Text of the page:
Ultimate Interplanetary Travel Guide: A Futuristic Journey Through the Cosmos
Out of stock
Ages 10 & Up
Do you dream of journeying to other worlds? Featuring eight removable NASA posters, gorgeous full-colour photography, stunning art, and informative summaries based on 50 years of exploration, this large-format travel guide takes space enthusiasts on a futuristic tour of the solar system and beyond. Along the way, you’ll experience what it’s like to hike across lunar craters, soar through the winds of Venus, and raft down the rapids of Titan.
Informative summaries of every destination are based on knowledge gleaned from more than 50 years of space exploration. The images provide a taste of the awe-inspiring destinations that we may one day reach, from the oceans of Europa to the newly discovered planets of TRAPPIST-1, while captions draw our attention to the unusual craters, ridges, seas, and storms captured by orbiting satellites, landers, and rovers.
“Like any good travel book, Jim Bell’s guide gives you some good advice on what to bring and what to wear. Of course, we don’t leave for a few hundred years. For now though, check out these images – the pictures alone will make you want to start packing!” Bill Nye, CEO, The Planetary Society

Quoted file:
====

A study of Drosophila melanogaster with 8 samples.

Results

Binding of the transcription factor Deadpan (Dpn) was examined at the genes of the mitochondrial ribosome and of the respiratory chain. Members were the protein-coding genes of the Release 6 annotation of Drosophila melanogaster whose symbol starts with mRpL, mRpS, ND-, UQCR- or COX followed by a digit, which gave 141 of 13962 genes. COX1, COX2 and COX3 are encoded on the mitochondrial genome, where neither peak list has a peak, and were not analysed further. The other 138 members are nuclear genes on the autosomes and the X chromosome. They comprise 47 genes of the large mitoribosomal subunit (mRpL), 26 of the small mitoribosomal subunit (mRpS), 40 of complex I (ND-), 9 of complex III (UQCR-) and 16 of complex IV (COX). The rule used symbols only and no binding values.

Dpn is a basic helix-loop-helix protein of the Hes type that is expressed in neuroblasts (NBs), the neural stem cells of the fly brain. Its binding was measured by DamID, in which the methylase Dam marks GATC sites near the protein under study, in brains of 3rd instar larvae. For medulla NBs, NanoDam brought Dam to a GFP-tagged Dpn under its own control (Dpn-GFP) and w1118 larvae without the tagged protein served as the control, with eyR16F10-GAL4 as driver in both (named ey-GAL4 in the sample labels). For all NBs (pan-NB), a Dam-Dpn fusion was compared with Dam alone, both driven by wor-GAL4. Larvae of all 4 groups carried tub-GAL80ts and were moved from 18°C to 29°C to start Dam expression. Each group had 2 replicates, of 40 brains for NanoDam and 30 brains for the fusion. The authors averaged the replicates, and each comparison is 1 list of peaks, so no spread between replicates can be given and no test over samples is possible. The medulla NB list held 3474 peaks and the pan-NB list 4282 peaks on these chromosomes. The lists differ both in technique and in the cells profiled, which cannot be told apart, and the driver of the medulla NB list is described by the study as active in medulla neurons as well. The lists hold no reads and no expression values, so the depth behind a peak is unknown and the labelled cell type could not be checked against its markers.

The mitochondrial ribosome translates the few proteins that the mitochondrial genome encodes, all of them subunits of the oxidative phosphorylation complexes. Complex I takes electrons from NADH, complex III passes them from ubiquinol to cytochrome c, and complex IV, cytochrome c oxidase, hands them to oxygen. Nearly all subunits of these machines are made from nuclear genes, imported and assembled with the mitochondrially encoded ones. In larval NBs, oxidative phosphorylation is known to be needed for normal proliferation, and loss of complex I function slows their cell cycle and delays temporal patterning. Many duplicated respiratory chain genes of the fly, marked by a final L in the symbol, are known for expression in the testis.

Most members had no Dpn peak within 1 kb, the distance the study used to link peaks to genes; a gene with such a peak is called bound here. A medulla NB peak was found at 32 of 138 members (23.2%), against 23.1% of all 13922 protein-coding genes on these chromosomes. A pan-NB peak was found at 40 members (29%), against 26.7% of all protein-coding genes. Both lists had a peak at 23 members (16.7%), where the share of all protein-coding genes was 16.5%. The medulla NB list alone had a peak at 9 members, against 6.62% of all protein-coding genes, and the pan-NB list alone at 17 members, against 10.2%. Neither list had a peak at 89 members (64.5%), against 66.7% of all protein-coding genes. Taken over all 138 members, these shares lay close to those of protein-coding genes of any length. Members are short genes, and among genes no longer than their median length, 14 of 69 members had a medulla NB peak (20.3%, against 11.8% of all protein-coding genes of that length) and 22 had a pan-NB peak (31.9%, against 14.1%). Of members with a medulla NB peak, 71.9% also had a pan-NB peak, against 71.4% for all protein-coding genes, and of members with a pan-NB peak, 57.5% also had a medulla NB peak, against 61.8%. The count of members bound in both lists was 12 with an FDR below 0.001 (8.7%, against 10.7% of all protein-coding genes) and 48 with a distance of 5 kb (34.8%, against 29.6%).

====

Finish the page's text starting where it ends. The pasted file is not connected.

|Dimensions||229 × 280 mm|
Dr. Jim Bell is a professor in Arizona State University's School of Earth and Space Exploration in Tempe, Arizona, and an adjunct professor in the Department of Astronomy at Cornell University in Ithaca, New York. As president of The Planetary Society, he is an active and prolific public commentator on science and space exploration, earning the 2011 Carl Sagan Medal from the American Astronomical Society. Jim has appeared on numerous radio and television shows, including NBC's Today Show and PBS's NewsHour, as well as programs on the Discovery, National Geographic, and History networks. Author of four illustrated trade books, he has been involved in such NASA robotic exploration missions as the Near Earth Asteroid Rendezvous (NEAR), Mars Pathfinder, the Mars rovers Spirit, Opportunity, and Curiosity, and the Lunar Reconnaissance Orbiter. The main belt asteroid 8146 Jimbell is named in his honor.